Morocco's King Mohammed is calling for prompt parliamentary elections so that the country can create a new government, after months of pro-democracy demonstrations.
The king delivered his message Saturday in his first address to the North African nation since his people voted overwhelmingly to curb his powers with constitutional reforms on July 1 in a national referendum .
Morocco's interior ministry has been negotiating with the country's political parties about when to hold the vote, but so far, they have not been able to decide on a date.
King Mohammed proposed the changes to the constitution in June in response to the country's so-called February 20 movement that has been holding regular protests to demand a parliamentary monarchy in the kingdom.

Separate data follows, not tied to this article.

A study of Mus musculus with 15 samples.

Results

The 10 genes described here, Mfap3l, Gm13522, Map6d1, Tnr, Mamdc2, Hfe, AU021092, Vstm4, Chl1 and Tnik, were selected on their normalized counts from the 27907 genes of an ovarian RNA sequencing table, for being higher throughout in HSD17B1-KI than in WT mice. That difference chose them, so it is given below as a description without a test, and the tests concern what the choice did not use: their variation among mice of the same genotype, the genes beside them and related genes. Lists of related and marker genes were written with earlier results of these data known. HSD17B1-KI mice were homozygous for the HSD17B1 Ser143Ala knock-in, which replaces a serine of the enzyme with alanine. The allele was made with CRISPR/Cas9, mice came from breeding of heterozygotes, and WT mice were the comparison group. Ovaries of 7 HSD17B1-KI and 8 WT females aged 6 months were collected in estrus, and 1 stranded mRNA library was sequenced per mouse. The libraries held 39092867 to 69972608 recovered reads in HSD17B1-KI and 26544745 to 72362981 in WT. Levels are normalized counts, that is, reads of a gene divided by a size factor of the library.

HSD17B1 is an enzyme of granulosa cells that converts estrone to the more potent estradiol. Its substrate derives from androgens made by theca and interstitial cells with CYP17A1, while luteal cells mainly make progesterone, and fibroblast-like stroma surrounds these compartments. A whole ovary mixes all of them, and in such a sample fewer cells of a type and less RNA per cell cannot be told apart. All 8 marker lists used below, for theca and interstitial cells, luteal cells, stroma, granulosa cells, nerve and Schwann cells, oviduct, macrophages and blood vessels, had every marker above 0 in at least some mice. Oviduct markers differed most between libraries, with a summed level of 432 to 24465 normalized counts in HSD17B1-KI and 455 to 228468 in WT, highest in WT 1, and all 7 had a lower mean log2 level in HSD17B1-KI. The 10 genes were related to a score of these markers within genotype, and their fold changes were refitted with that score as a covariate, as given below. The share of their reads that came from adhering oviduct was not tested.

The changes limit the king's power while strengthening parliament and the prime minister's office.
Critics say the new constitution still keeps King Mohammed firmly in power by allowing him to choose the prime minister from the winning party and continue to oversee the country's religious matters, security apparatus and judiciary. It also allows him to dissolve parliament, although not unilaterally.
In February, pro-democracy demonstrations swept across Morocco like much of North Africa and the Middle East. However, the effect of what is being called the "Arab Spring" movement has been somewhat muted in Morocco as compared to protests that toppled rulers in Tunisia and Egypt.
The 47-year-old King Mohammed took over the Arab world's longest-serving dynasty in 1999. During much of his rule, he has held virtually all power in the country and still sits as its top religious authority.